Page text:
In my last post, I shared about an abundant harvest from my fruit trees, and how I realized that to get results next year I need to learn how to prune them this fall.
Yes, pruning can be painful. But it’s essential to future growth. Here’s what I’ve discovered. To get the results I want, I have to invest. My time, money, and energy.
The worst thing you can do is to just cut to cut because that’s what everyone else especially your forum mates are doing. To hack away at the PNL because you have to produce profit now! You’ll end up doing what I did recently. Not good.
There was an overgrown bush in my flower garden. I got in there just to thin it out a bit. Well, I had no vision, and I certainly didn’t seek counsel, except in a veiled self-reassuring question to my mom, “Don’t you think I should trim that overgrown bush down a bit?” So with my long green pruner in hand, I started “trimming” and I whacked off one wrong branch too quickly. Long story short, I had to cut the entire bush down to the base. I just hope I didn’t kill it and it will come back in the spring.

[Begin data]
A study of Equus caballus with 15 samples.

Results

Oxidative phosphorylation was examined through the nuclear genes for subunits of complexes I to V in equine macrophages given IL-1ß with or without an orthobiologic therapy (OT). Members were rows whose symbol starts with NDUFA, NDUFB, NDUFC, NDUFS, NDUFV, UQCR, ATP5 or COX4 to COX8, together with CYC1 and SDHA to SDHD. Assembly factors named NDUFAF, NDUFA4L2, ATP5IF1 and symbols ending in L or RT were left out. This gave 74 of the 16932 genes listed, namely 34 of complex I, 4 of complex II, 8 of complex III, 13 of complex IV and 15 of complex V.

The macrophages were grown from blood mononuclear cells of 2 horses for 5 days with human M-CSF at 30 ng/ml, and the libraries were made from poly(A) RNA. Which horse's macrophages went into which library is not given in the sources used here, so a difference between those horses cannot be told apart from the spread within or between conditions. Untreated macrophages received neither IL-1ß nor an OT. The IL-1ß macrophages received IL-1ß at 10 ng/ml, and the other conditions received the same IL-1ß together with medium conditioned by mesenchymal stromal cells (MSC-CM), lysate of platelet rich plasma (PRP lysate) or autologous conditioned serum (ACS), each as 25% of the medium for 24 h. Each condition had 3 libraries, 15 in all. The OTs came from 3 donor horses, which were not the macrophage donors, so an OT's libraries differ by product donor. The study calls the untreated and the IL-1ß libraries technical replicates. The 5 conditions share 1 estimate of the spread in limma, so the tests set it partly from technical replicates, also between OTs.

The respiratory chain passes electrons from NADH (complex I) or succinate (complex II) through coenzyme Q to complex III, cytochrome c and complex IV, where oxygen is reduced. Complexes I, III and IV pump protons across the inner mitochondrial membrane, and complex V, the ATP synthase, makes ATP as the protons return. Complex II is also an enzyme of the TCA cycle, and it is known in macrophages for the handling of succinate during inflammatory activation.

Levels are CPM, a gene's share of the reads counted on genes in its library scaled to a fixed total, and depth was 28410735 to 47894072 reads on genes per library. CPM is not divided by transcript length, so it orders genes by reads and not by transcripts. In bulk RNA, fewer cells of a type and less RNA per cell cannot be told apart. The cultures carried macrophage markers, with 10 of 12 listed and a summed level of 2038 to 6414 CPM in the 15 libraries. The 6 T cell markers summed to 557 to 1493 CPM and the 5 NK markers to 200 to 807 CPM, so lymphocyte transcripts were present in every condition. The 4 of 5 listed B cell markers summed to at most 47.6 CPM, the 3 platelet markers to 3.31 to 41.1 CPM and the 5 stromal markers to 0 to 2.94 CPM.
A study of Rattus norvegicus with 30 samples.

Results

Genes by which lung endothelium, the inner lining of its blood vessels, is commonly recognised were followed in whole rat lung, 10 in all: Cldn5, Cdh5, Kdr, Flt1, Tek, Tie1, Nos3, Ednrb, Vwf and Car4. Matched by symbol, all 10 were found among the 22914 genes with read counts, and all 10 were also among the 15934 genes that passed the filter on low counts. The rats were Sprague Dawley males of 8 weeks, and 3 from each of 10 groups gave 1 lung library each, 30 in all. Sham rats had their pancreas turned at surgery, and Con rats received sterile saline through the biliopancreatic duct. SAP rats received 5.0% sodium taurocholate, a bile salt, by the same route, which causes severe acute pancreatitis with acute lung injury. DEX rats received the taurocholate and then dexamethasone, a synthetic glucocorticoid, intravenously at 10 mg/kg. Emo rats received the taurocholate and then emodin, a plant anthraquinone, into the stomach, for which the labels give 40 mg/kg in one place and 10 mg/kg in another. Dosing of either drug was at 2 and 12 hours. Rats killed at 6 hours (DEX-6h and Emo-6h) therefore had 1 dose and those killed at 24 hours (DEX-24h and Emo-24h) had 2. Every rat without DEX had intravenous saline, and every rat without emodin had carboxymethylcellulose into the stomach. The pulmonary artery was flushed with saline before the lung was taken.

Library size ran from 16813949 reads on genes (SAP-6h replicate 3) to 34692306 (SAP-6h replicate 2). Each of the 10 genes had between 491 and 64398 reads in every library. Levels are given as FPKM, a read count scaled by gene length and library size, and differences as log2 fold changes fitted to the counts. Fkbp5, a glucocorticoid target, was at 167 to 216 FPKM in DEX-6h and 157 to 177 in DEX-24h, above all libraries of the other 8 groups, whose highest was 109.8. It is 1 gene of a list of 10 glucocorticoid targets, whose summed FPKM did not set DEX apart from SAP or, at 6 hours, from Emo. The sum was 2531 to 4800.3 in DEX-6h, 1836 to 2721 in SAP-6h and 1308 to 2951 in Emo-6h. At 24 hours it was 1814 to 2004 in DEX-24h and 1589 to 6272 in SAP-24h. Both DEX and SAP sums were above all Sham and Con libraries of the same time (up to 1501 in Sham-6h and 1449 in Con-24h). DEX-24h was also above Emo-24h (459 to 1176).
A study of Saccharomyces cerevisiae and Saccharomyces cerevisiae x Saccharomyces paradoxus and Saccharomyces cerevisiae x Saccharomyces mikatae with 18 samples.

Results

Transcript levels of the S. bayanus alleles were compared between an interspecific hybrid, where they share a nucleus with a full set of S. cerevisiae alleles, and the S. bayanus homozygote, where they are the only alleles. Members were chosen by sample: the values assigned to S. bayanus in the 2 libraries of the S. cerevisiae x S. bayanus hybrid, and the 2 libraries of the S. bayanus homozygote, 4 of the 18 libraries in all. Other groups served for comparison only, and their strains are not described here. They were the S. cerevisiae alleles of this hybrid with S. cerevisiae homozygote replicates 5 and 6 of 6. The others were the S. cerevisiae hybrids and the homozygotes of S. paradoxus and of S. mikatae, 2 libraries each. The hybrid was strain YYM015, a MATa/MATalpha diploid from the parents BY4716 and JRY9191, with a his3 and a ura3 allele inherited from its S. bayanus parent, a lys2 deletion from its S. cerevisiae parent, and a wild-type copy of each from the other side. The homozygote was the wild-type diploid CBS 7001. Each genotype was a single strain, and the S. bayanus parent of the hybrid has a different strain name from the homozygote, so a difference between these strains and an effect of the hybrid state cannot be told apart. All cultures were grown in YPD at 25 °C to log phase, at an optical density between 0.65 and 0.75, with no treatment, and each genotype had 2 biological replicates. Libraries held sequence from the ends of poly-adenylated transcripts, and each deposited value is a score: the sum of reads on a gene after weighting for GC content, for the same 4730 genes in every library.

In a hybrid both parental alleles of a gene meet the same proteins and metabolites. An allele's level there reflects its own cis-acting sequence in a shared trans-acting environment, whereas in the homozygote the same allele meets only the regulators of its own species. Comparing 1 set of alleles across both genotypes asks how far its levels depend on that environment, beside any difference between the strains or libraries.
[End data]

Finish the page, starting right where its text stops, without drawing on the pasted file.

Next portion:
That’s what happens without vision and expertise.
If you’re dealing with something that’s valuable, you can’t be an amateur about it. My fruit producers are precious to me. So I need to hire someone who knows and loves trees so much that they have vision for their future. Someone who with knowledge, wisdom and experience can make each cut confidently and carefully in the spirit of long-term growth, sustainability, and, yes, fruitful results.
Now, I am not saying every budget line should NOT be evaluated. In fact as we roll into 4th Quarter I would recommend it! What I am saying is you need vision first.
Yet as leaders we Google “prune business” and off we go. And of course, we are either too cheap to get help (that can be me), or we are too prideful and think we can figure it out (that’s me too).
What’s the price of this strategy? Unlike my bush whacking, the cuts you make affect people — a lot of them. And nine months from now, you get only half the fruit you could have gotten had you invested little now. Yes, the danger is you will never know what profit you sacrificed because you did not prune. You see what’s in front of you and you see “profit” without even considering the opportunity you missed because you didn’t take time to ask hard questions, cut precious items, and challenge past success. It is time to prepare for the 2013 harvest today — and it starts with your willingness to prune.
Is this making sense? Share your thoughts. In the next post I’ll talk about the essential key to successful pruning. Right now I’m going to go sharpen my shears.